He loves the nightlife

Posted on Thursday, December 19, 2013
“Once, it was thought that cities should handle the night by limiting its activities and ending them as soon as possible,” says Will Strawx. “Now, cities think that a safe and healthy night is one which offers a wide range of options, from eating to shopping, and not just drinking in bars. The idea that you should close down nightlife early to keep cities safe has likewise declined.” / Photo: Owen Egan

“Once, it was thought that cities should handle the night by limiting its activities and ending them as soon as possible,” says Will Straw. “Now, cities think that a safe and healthy night is one which offers a wide range of options, from eating to shopping, and not just drinking in bars.” / Photo: Owen Egan

By Elisabeth Faure

For many of us, a job that allows us to immerse ourselves in nightlife culture sounds too good to be true. But for Will Straw, Director of the McGill Institute for the Study of Canada (MISC), it’s just another day at the office.

“I’m interested in the night for a lot of reasons,” says Straw, who holds a Ph.D. in Communications from McGill, and is a Professor in the Art History and Communications Department. “One is that, according to historians, Western societies have gone through a process of “nocturnalization” over the last few centuries, with various kinds of activities moving later and later into the night. If you look at the history of eating in France, for example, you find that lunch and dinner time moved forward by about two hours from the 1700s to the 1900s. I’m interested in seeing whether that’s still true.”

Straw’s interest in nightlife has driven him to create “The Urban Night” research project, dedicated to studying nightlife in cities and the ways in which cities regulate the night. Started with a grant from the Social Sciences and Humanities Research Council, Straw has built a website devoted to the subject, with the help of a student hired under the Arts Research Internship Award program, and colleagues like McGill Law Professor Tina Piper. The Urban Night project has already held workshops on the theme in Windsor/Detroit, and in Montreal, and the MISC recently co-sponsored a POP Montreal panel on the topic, where Straw spoke.

Straw’s nightlife research, which takes him around the world, has exposed him to many emerging trends in urban living after dark. “Certainly, the expansion of nuits blanches (all-night art exhibitions) to almost every major city of the world is worth noting,” says Straw. Also, “it’s harder and harder to see movies in theatres during the daytime, though this was common a few decades ago.”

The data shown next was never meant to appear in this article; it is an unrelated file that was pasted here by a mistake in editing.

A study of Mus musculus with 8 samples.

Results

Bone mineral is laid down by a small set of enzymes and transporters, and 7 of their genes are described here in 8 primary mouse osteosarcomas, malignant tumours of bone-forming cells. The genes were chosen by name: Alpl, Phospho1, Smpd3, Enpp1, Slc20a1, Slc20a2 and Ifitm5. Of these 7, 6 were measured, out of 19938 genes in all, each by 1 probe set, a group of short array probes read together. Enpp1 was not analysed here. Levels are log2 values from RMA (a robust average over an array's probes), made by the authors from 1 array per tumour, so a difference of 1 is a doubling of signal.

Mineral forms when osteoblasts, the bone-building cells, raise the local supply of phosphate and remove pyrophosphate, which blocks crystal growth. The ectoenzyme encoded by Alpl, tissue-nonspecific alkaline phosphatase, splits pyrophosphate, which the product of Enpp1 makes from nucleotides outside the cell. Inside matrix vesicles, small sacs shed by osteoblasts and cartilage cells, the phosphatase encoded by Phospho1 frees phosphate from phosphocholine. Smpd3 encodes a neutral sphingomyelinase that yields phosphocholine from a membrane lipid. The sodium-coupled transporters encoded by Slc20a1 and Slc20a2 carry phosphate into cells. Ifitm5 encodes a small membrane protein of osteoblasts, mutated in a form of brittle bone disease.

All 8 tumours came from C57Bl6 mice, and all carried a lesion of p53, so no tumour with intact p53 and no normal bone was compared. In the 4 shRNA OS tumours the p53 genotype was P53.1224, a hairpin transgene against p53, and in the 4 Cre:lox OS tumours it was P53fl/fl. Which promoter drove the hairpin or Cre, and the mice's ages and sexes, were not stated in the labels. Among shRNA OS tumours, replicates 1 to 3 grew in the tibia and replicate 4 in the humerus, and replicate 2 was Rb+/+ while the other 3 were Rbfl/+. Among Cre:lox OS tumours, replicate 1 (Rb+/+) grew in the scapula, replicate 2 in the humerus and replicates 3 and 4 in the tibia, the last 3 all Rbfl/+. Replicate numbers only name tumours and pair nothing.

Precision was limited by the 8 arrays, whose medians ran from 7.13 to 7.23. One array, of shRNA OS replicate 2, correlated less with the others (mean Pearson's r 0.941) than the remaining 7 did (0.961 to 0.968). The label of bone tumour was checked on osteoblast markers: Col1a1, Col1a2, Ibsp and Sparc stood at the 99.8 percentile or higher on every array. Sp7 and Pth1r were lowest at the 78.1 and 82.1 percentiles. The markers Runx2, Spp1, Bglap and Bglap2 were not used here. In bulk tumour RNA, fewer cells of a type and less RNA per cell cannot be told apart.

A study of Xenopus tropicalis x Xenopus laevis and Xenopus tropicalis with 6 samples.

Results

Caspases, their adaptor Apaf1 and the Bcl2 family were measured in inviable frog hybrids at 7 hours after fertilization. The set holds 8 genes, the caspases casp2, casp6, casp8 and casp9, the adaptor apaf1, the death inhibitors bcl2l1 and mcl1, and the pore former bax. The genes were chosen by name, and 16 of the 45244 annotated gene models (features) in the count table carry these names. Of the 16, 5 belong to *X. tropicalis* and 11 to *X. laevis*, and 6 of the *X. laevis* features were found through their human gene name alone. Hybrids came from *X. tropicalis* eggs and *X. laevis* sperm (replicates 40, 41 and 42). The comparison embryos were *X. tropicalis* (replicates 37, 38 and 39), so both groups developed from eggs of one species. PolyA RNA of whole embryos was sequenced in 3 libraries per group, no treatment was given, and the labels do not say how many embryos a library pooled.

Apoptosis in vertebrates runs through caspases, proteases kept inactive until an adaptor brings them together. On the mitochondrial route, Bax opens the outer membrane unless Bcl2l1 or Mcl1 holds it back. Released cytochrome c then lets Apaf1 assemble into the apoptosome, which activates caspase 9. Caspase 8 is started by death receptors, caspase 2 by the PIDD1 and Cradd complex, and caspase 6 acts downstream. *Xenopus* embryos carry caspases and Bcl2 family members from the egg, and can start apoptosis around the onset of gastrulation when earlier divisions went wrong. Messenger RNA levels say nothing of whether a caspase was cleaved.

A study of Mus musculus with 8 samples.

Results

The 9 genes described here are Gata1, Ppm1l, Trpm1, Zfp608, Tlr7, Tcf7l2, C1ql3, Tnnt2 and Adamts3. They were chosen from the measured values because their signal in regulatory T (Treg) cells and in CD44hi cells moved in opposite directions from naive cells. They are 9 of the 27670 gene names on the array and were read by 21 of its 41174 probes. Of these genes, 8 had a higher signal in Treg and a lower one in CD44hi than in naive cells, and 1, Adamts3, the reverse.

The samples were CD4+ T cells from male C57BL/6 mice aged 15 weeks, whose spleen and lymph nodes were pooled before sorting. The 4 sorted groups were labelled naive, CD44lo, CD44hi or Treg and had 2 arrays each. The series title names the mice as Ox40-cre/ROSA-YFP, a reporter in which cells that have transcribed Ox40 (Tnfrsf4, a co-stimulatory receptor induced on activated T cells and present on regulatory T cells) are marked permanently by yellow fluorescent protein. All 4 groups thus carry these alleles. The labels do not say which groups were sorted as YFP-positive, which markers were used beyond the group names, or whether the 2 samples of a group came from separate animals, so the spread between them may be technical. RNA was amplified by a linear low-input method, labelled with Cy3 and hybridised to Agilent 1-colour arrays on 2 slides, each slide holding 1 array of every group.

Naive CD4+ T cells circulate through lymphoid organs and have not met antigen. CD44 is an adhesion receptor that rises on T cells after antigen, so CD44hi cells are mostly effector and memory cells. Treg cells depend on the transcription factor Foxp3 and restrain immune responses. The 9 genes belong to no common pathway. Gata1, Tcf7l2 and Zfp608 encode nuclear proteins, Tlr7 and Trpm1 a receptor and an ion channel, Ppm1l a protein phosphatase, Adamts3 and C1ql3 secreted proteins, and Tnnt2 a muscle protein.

Foodie culture is also making its mark. “In Montreal, as in lots of other places, restaurants seem to be replacing music venues and other night-life sites, as food culture continues to expand,” Straw says. And rising nightlife popularity reflects lower crime levels. “Particularly in the global North and West, you see people occupying the centres of cities later and later at night.”

Straw also encounters a lot of nightlife misconceptions. “The biggest misconception for a long time was that nightlife was something cities should just tolerate and try to control,” he says. But in the 1990s, this thinking began to shift, as cities woke up to the economic benefits of a thriving nightlife. “Once, it was thought that cities should handle the night by limiting its activities and ending them as soon as possible,” Straw explains. “Now, cities think that a safe and healthy night is one which offers a wide range of options, from eating to shopping, and not just drinking in bars. The idea that you should close down nightlife early to keep cities safe has likewise declined.”

Straw’s nocturnal research isn’t limited to nightclubs and bars. “Airports and hospitals and other places that stay open all night are curious kinds of places – self-contained, 24-hour worlds, even if we wouldn’t call them cultural,” says Straw. He has seen examples of this in places as diverse as Mexico City, where “you can always find someplace open at any time, to eat, or drink, or dance,” to his own hometown of Hamilton, Ontario, where, “supermarkets and other amenities stay open all night to handle shift-workers.”

What’s next for The Urban Night? Straw, who will be taking a six-month sabbatical leave in the New Year, has plenty of nightlife-related activity planned for 2014.

“In February, we’ll be holding a conference in Mexico City on the urban night in Mexico City and Montreal,” says Straw. “I’m doing special issues of two academic journals on the topic – one on the “visuality” of night (lighting, night-time aesthetics and so on) and another one on the way cinema deals with the night.” Ultimately, “My dream,” says Straw, “is to build an international network involving scholars, city administrators, and cultural creators, from places like Brazil, the United Kingdom, Germany, and so on.”

Definitely, something worth staying up for.